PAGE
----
Recently, I received an email from Execunet describing the results when recruiters were asked what they wish executives understood about their hiring process. I confess I agreed with nearly all of their findings, so I thought it may be helpful to add my own thoughts to their answers on the subject. (Please note I have used some of the content from that email and modified it slightly to match my own perspective.)
Our job is filling positions, not serving as a talent agent out to get you a job. As recruiters we are hired by companies to find a very specific skill and culture fit for our client. Often they come to us because they are being very targeted in their search. If you are a match for what we are seeking, then we will absolutely work hard representing you for the role. But if you don’t get a call from a recruiter, it doesn’t mean you’re a bad candidate – just that you are not a fit for the roles that are currently on their desk.
You see job boards as opportunities beckoning. Recruiters may cringe at the results posting bring. For any given job posting, we receive literally dozens (and sometimes hundreds) of resumes from candidates who do not have the skills, experience or education that is specified in the job posting. You know your skills are totally transferable, but the recruiters’ job is to find exactly what the client is seeking.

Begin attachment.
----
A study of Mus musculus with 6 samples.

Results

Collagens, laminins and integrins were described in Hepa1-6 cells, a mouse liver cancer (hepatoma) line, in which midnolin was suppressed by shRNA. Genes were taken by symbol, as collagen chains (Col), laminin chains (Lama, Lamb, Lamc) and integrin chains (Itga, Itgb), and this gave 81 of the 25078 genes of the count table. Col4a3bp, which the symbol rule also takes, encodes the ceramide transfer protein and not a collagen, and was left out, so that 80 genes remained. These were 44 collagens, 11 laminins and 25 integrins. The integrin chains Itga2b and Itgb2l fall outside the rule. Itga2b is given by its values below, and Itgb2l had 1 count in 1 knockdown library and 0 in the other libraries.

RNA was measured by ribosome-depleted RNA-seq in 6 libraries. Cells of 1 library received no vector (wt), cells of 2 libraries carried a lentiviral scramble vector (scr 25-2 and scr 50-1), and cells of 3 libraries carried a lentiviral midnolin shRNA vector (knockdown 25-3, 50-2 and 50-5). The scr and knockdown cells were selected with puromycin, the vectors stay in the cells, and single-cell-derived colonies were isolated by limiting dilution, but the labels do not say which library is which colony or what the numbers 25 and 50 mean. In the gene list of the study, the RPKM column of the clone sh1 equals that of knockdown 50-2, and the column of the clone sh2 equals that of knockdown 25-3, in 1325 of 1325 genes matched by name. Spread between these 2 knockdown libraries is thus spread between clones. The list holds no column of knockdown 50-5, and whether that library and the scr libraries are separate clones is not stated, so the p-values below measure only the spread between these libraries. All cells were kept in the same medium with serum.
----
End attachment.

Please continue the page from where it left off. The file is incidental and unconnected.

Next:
Cultivate your personal referrals rather than blasting your resume. Sure, you need to pay attention to job postings – and even send your resume to those that are truly a match for you – but don’t stop with that as your only tactic. Only 30% of jobs are filled as a result of a posting. The rest of jobs are filled because of referrals (employee or professional network). That includes referrals to recruiters and nurturing your recruiter network. Spend your time building relationships with actual people – not just online connections.
Don’t ask for a job lead. When having those conversations with your network, don’t ask, “who do you know that is hiring?” Instead ask for leads to people in organizations you are targeting. Ask to learn about the department, the challenges that business is facing, even how to navigate their hiring process. Anything but “do you have a job?” Because if they say no, the conversation just ended.
End the jargon in resumes and conversation. Resumes are so often filled with “blah blah blah” jargon, it’s no wonder people spend only six seconds reading them. Ask yourself “so what?” after each bullet point. Be sure you are actually saying something that matters. And that goes for conversations too. In the end, executives are looking for candidates who can come in and solve their problems and have a positive impact on the bottom line.